Former Uber Executive Accused of Hiding 2016 Data Breach Incident

A former Uber security chief Joseph Sullivan is charged with a felony and convicted by the US court for obstructing their investigation in a past data breach incident.

He was accused of paying the hackers of the 2016 data breach at Uber, which compromised the PII of thousands of its drivers and customers, to settle. He now faces five years of jail term for hiding the facts of the case and three more years for failing to report it to authorities.

Jailing an Uber Executive

Uber is always strangled with some form of law enforcement action. Lately, a jury in a San Francisco federal court has found Joseph Sullivan – Uber’s former security chief, guilty of felony charges regarding the 2016 data breach.

The prosecutors accused Sullivan of obstructing the FTC’s investigation into Uber at the time regarding a breach that occurred in 2014. He is convicted of federal charges for hiding a 2016 data breach from authorities and even paying the hackers to cover it up!

As per reports, Sullivan was informed about the breach by hackers shortly after he sat for a deposition with the FTC for its investigation over the 2014 cybersecurity incident. Leveraging an internal bug, hackers were able to squeeze the personal data of 600,000 drivers and additional information linked to 57 million drivers and passengers.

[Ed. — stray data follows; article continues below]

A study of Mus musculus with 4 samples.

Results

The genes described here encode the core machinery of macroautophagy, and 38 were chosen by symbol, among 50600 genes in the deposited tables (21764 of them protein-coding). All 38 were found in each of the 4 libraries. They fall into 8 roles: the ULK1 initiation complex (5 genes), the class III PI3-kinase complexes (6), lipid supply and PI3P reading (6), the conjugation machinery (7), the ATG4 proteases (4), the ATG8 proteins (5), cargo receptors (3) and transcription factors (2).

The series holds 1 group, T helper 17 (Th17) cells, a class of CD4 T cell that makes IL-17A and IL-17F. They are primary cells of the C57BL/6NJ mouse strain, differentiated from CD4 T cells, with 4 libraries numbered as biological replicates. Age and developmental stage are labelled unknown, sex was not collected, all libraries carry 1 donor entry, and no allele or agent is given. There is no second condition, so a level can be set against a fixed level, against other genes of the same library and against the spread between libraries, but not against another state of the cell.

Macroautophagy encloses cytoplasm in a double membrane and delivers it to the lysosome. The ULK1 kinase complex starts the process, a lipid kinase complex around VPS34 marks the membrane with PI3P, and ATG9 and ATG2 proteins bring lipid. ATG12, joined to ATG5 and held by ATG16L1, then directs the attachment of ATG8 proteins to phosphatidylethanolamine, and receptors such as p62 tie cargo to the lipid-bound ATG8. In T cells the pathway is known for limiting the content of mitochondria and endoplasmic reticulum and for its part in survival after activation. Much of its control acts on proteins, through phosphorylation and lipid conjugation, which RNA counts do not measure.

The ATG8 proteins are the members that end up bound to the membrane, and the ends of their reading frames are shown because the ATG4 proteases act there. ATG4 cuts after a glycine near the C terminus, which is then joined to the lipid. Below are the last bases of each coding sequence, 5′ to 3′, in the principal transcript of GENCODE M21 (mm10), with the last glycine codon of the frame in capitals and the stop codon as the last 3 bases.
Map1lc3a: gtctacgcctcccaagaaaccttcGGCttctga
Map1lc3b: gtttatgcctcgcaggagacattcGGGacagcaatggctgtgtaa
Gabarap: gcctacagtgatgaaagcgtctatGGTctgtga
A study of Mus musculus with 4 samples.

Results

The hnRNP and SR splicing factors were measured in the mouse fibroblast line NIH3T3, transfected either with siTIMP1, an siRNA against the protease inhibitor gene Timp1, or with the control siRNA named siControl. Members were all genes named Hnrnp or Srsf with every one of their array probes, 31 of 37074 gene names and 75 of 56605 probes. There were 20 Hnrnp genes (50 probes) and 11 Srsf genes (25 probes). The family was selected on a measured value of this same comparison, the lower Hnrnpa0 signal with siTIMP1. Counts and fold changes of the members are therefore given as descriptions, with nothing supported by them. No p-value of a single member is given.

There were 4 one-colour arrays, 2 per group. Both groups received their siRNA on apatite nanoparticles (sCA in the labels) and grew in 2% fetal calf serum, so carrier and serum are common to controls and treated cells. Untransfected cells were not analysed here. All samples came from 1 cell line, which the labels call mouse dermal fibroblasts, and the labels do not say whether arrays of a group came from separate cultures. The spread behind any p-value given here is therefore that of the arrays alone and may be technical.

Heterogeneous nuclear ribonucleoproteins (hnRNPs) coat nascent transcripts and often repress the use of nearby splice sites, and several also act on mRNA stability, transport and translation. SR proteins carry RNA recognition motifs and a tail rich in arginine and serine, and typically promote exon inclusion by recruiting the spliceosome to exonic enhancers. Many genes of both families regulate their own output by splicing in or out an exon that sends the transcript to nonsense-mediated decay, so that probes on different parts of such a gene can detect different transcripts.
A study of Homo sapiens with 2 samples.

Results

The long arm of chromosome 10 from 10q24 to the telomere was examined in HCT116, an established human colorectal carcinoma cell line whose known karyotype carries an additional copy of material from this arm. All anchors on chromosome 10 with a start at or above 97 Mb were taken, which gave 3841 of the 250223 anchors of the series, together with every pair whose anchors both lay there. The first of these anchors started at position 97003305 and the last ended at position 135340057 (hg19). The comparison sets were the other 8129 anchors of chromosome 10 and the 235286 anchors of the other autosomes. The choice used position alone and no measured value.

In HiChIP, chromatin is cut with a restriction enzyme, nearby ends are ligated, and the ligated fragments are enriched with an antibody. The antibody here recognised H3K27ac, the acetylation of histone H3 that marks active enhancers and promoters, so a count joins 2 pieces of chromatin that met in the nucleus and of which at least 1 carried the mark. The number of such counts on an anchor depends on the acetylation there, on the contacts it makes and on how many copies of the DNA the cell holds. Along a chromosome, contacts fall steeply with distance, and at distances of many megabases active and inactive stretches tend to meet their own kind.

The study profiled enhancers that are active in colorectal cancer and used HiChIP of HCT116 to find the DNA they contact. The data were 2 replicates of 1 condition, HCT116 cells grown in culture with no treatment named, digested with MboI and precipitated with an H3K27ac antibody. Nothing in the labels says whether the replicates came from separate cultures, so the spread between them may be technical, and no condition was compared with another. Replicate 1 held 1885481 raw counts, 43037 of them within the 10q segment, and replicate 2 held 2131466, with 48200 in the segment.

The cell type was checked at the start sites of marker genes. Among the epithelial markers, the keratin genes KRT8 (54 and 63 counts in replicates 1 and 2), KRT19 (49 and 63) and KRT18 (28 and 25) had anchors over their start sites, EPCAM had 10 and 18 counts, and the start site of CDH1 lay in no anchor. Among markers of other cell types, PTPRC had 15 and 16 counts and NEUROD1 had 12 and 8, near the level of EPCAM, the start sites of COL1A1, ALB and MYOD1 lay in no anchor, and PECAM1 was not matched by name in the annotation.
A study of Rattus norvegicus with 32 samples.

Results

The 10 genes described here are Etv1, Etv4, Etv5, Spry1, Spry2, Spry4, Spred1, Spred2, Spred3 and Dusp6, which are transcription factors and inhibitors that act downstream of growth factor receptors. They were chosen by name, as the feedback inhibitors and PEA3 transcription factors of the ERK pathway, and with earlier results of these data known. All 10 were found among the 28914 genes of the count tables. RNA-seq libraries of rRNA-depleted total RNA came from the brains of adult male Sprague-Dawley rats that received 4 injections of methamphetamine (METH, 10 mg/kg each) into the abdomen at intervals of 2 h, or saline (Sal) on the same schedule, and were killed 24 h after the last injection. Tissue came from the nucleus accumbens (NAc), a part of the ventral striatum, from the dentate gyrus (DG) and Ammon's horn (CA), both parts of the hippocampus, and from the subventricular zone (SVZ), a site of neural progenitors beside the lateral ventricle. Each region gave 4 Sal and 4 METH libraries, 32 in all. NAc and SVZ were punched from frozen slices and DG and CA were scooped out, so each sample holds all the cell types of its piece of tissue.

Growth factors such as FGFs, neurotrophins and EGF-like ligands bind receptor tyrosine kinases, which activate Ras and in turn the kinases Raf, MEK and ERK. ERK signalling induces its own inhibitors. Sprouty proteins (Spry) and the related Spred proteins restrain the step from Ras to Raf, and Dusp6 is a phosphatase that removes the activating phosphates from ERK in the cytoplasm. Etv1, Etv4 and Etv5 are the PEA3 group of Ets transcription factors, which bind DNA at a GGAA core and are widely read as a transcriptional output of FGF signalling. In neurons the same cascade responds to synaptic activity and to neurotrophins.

As they asked for a $100,000 ransom, Sullivan pointed them to the company’s bug bounty program, which had a max payout of $10,000! Since that’s unsettling, hackers threatened to leak the stolen data – which led Sullivan to pay the demanded ransom in bitcoin and made it appear as a payment under the bug bounty program – an action that was reportedly sanctioned by then Uber chief executive Travis Kalanick.

Sullivan has also tracked down the hackers and made them sign nondisclosure agreements. Well, his lawyers are now arguing that customer data is safe after they had paid the amount and NDA agreements with hackers, plus it’s not an incident worth reporting.

But the prosecutors disagreed with this view and said the incident shouldn’t have qualified for a payout under the bug bounty program, and Sullivan had done it anyway. Thus, he’s now set to face five years in prison for obstruction and up to three more years for failing to report a felony. Although, the exact sentence is yet to be declared.